Trying a new workflow can be as tumultuous as taking a chance on a new job. There’s a period of newness and excitement, followed by, “Hold on, maybe this isn’t as perfect as I thought,” and then the dreaded, “I kind of miss my old gig—did I make a mistake?”
At this point, you can either go back to the way things were, or keep going with the new opportunity. But remember: You were unhappy with the old process for a reason. If you forge on, you might just become that productivity powerhouse you’ve always dreamed of (because that’s what everyone dreams of, right?). Change always takes time.
To learn how to get to that efficiency happily ever after, let's dive into the science of adapting to a new workflow.
How Do You Know When It’s Time For A Change?
Science argues that even if processes are working moderately well, a new routine will still benefit you. Changing processes actually encourages you to think more creatively, as you are approaching a task with a completely different framework in mind.
What’s happening when you adapt new workflows is you are exercising your neuroplasticity, or your brain’s ability to form new connections between different areas of thought. Research has shown that neuroplasticity can be improved well into adulthood, but it requires dropping mundane or routine tasks in favor of new challenges.
So, even if you think you’re doing fine, it’s worth it to attempt something new for your brain’s sake.
To Jump In, Or Take It Slow?
There are a couple ways to try something new: You can take the “sink or swim” approach, like you’re diving into a pool, or you can take the “bit by bit” approach, as though you’re getting into a hot tub.
APQC, the world’s leading authority on business best practices, calls these approaches “re-engineering” and “overlayment,” respectively.
The “Don’t Automate, Obliterate” Approach
Re-engineering calls for swapping out your existing workflow with its replacement. In other words, one day you’re using your original method, the next day you’re diving right in on the new process. According to the APQC, companies who took this approach reported initial grumblings by some employees who were resistant to change, but found over time that the sweeping changes meant a more comprehensive adoption.
The “Take It Slow” Approach
Overlayment, on the other hand, requires that you use both methods at once. Let’s say you usually manage your time with the Pomodoro technique, but now you’re moving to GTD. Rather than immediately swapping out your timer for a notebook, you’d write down all the tasks you needed to get down (à la GTD), then tackle them in timed sprints (à la Pomodoro).
Which approach is better? Well, like usual, it depends. Research shows our brains build understanding over time: as we continue to learn about a topic, our brain stores those memories in new neurons and strengthens the link between existing neurons.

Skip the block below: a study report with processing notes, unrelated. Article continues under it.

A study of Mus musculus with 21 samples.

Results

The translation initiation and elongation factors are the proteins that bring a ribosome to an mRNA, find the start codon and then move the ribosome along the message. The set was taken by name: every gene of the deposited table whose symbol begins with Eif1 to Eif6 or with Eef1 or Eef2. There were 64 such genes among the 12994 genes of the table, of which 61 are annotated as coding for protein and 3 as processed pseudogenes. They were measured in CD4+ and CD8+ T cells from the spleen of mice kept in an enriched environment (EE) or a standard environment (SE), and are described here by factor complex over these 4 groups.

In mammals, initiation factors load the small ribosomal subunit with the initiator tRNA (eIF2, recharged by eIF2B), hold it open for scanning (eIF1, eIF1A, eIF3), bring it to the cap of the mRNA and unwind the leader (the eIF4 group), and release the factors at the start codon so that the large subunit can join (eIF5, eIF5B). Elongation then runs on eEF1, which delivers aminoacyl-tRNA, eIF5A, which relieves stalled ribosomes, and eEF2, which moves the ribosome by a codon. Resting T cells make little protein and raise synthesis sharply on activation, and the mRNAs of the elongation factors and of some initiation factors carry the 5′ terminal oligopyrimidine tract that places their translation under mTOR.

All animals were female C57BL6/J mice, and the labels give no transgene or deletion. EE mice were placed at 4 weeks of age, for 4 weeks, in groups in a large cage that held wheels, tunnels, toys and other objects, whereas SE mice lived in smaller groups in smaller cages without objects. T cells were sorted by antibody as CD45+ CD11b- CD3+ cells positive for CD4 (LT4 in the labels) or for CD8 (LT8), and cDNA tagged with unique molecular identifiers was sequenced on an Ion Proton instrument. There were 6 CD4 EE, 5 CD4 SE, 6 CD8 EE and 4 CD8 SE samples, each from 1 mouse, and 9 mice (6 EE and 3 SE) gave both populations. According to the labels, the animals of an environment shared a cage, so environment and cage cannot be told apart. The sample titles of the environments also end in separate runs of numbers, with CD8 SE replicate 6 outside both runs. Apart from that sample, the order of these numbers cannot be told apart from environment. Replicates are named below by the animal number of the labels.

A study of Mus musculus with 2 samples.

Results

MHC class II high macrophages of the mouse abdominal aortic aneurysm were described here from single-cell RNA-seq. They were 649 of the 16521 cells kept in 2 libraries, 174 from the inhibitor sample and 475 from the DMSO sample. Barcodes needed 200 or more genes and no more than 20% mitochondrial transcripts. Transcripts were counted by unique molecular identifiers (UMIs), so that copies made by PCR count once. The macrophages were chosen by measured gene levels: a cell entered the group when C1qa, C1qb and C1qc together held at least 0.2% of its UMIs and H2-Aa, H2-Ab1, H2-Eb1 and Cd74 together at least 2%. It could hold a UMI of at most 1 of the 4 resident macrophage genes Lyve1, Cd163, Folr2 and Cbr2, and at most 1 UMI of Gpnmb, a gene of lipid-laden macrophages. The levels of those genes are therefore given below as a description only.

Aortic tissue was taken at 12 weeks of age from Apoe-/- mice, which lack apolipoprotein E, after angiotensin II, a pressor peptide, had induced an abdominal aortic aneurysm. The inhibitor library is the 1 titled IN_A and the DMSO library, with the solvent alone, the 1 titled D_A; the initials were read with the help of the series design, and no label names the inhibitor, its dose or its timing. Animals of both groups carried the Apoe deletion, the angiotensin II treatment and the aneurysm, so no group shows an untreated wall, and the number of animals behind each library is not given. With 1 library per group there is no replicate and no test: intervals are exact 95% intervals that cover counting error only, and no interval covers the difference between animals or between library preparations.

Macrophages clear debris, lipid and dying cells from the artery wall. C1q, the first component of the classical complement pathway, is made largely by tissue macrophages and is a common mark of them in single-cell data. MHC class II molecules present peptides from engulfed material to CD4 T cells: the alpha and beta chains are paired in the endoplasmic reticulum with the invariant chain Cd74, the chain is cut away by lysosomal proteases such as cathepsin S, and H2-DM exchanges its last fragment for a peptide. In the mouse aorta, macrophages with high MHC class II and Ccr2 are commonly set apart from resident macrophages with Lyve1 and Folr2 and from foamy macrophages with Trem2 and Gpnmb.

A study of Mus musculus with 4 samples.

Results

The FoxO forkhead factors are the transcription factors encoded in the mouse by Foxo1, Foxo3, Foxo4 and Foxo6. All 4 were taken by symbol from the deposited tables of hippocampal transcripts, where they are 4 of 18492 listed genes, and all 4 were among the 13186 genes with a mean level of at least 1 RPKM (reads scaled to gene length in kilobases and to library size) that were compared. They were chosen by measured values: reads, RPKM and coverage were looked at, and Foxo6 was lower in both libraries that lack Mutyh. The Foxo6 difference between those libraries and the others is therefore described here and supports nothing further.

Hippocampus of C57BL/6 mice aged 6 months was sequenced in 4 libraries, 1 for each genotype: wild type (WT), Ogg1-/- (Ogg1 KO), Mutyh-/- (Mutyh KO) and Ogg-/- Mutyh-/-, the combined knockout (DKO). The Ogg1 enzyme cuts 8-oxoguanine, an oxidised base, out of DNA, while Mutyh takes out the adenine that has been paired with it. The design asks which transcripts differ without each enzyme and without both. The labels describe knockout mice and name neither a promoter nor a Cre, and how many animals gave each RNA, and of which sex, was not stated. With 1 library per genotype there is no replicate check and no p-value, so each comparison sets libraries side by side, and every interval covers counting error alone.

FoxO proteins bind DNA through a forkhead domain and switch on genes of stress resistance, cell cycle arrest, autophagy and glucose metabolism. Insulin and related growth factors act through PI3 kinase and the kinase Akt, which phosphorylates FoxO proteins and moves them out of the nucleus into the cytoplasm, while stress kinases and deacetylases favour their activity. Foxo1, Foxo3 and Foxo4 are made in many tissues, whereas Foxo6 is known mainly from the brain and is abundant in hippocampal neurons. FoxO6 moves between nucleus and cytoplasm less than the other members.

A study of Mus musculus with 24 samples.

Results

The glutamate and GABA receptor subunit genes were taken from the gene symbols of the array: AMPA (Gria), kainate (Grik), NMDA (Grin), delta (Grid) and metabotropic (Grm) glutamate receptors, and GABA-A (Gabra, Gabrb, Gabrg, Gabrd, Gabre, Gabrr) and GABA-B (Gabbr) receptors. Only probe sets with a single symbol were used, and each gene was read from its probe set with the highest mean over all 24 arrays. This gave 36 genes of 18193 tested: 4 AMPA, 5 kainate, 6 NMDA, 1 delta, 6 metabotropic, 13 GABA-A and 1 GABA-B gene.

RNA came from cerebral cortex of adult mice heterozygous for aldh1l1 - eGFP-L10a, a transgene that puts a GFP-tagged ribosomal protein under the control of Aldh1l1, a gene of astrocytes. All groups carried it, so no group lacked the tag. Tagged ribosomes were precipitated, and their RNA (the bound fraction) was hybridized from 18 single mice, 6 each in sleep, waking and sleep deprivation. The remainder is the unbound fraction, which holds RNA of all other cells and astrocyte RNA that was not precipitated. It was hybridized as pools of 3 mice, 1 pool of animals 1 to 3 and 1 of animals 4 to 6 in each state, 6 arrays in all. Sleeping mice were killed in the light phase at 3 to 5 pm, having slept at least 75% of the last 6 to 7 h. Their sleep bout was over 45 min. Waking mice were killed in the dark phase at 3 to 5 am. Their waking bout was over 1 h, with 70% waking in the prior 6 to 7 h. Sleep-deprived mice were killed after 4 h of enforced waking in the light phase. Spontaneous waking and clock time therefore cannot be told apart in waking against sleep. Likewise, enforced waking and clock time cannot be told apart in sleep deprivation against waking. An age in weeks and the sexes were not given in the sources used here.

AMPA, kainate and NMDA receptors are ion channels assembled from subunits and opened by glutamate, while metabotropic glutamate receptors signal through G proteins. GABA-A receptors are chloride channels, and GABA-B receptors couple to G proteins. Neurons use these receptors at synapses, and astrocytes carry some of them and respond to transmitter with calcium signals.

With that in mind, use the overlay approach when you’re taking on an extremely different or complex workflow—it’ll allow you to slowly but surely adjust until suddenly, everything clicks. But for relatively small changes, the re-engineering method is optimal, because you won’t need as much time to train your brain.
The “21-Day” Myth Of Habit Formation
You’ve heard it takes approximately three weeks to form a habit. So, when you reach the 21-day mark and your new process still feels strange and inefficient, you decide to end the experiment and go back to your previous workflow.
Makes sense—except the 21-day rule of habit formation is as real as Sasquatch.
According to a study carried out at University College London, it takes an average of 66 days to pick up a new behavior (and in effect, quash out the old one). However, this “66 days” stat is slightly misleading as well.
As psychologist Jeremy Dean points out in his book "Making Habits, Breaking Habits: Why We Do Things, Why We Don't, and How to Make Any Change Stick", the participants took vastly different amounts of time to form new habits depending on what those habits were. The people making small changes took less than 20 days to adapt, while those tackling major adjustments needed up to 254 days.
But fear not, you don’t need to allocate eight and half months to switching processes.
“The earlier repetitions produced the greatest gains toward establishing a habit,” Dean writes. “As time went on those gains were smaller. It’s like trying to run up a hill that starts out steep and slowly levels off.”
In other words, the first part is the hardest. If you focus your energy on making it past the adjustment period, you should be good.
How To Ease The Growing Pains
Although that adjustment period will always be somewhat tricky, there are a couple things you can do to make it easier.
First, write down the new process. Having the concrete steps listed out in front of you will cut down on the chance that you’ll skip a step or make a mistake; plus, scientists have discovered simply having a plan makes it easier to focus on the work itself. The more complex the new workflow is, the more detailed your plan should be.
Second, remind yourself why you’re switching. Brad Power, a researcher in process innovation, explains, “The pain of change must be less than the pain of not changing. Therefore, the pain of not changing must be clear.”
Maybe you’re tired of being chained to your inbox, so you decide to try “batching.” Every day, from 8 to 9 in the morning and 5 to 6 at night, you answer emails. But you’re constantly fighting the urge to check your messages—so, taking Power’s advice, you think about how inefficient it is to answer messages all day. This “note to self” gives you the motivation you need to stick to your new method.
Even with this knowledge, it's definitely not guaranteed every new workflow or process you implement will be perfect. After all, most of us need to date several people before we find the one. But at least the beginning stages will be much smoother.